On 29 April 2018 Amber Rudd (pictured above) was forced to resign as Home Secretary, after the Guardian published her private letter regarding the Windrush deportation scandal. Migrants who have been living in the UK for up to 70 years have been declared illegal, despite working and paying taxes.
The Windrush generation are people who arrived in the UK between 1948 and 1971 from British Commonwealth countries in the Caribbean. Empire Windrush ships were delivering workers from the British colonies of Jamaica and other islands to help restore post-war shortages in Great Britain. However, the Home Office did not provide the Windrush immigrants with any official papers confirming their right for legal stay in the UK, and this has caused problems for the generation ever since their arrival.
According to The Migration Observatory there are approximately 500,000 people living in the UK who were born in one of the Commonwealth countries (53 member states that were colonies of the British Empire in the past). Though, active immigration ended in 1971, when the new Immigration Act came into force with the goal of stopping migration from those countries.
If there was an acceptance that a wrong was done, then there should be a process of restoration
Many of the arrivals who were children in the mid-60s now work as nurses, drivers and cleaners, and have been living and paying taxes in Great Britain for several decades. Guy Hewitt, the High Commissioner of Barbados in London, commented on the treatment of the ‘Windrush Kids’ to the BBC, claiming they are “being treated as illegal immigrants” and “being shut out of the system” with some deported or sent to detention centres.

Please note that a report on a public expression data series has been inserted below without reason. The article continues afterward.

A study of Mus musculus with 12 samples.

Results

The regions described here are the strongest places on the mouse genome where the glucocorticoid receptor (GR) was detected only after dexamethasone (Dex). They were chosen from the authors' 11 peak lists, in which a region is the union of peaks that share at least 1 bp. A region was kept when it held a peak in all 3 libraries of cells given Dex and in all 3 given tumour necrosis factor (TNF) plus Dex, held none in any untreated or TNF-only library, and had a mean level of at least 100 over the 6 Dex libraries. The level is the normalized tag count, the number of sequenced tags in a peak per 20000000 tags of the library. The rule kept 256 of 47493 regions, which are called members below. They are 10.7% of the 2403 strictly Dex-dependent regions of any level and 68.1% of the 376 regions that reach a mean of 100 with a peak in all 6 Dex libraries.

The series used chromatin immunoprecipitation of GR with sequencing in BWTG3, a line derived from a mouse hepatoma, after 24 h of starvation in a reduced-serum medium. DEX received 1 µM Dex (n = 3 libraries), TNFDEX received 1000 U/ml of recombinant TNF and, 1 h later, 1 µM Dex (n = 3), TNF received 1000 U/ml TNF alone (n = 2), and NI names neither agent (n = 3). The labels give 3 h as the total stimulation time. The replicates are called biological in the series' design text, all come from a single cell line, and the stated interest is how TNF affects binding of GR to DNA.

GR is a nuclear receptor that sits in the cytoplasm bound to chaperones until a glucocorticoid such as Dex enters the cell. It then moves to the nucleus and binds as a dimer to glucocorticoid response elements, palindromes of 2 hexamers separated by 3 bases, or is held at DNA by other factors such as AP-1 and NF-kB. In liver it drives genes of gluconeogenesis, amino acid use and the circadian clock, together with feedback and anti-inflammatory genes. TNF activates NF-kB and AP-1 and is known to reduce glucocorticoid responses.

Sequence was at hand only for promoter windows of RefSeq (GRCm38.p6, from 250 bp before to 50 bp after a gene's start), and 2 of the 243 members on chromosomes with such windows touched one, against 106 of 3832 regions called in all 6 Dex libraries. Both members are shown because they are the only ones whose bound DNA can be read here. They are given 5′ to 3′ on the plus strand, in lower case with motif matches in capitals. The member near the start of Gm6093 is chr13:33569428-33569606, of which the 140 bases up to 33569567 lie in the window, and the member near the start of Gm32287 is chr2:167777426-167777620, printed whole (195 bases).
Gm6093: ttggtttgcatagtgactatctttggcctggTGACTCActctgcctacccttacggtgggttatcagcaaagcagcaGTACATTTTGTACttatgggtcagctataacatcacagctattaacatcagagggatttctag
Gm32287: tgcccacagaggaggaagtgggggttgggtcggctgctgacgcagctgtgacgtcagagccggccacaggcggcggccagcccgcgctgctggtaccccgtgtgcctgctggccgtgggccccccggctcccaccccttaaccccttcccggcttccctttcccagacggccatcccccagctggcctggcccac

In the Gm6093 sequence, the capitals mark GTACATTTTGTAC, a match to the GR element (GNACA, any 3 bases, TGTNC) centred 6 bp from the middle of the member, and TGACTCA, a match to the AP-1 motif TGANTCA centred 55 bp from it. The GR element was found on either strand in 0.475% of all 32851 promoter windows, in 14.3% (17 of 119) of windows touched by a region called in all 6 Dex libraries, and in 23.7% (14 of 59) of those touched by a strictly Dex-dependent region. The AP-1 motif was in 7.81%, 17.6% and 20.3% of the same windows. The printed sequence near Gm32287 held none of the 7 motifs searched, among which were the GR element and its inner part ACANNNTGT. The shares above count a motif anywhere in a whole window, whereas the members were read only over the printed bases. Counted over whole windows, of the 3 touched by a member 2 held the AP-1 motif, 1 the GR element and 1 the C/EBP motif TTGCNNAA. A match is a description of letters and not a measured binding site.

In 2010 the Home Secretary – now our current Prime Minister, Theresa May – implemented a new hostile environment policy. The policy’s primary goal was to make it as difficult as possible for people to stay in the country without official confirmation of their residential status.
In that same year the also Home Office approved the destruction of the landing cards of Windrush arrivals, which stirred more chaos and controversy into deportation scandals. Because those people arrived from British colonies they considered themselves British citizens, which makes a lot of sense logically. But government bureaucracy and procedure does not often work logically.
Disrupting the lives of many
As a consequence of the policy there was a mass deportation of Windrush immigrants between November 2017 to April 2018. The 2010 immigration policy led to the notorious advertising campaign ‘Go home or face arrest’ in 2013, where mobile billboards were driving through various London neighbourhoods with the warnings targeted at illegal migrants.
Andrew Holness, Prime Minister of Jamaica, told the Guardian that his interest is “to ensure that the Windrush generation and [their children] get justice… They should get access to all the benefits that their citizenship will entitle them to. If there was an acceptance that a wrong was done, then there should be a process of restoration. I’m certain that the robust civil society and democracy that you have will come up with a process of compensation.’’
The situation has made the lives of numerous Windrush immigrants almost unbearable, with its limitation on access to work, housing and healthcare for those who fail to present the proper documentation proving their right to live and work in the UK.
Even though Amber Rudd has resigned as a Home Secretary after confessing to the unjust treatment of Windrush migrants, the hostile environment policy is set to stay. The whole course of events has triggered an enormous political controversy, affecting the lives of all involved.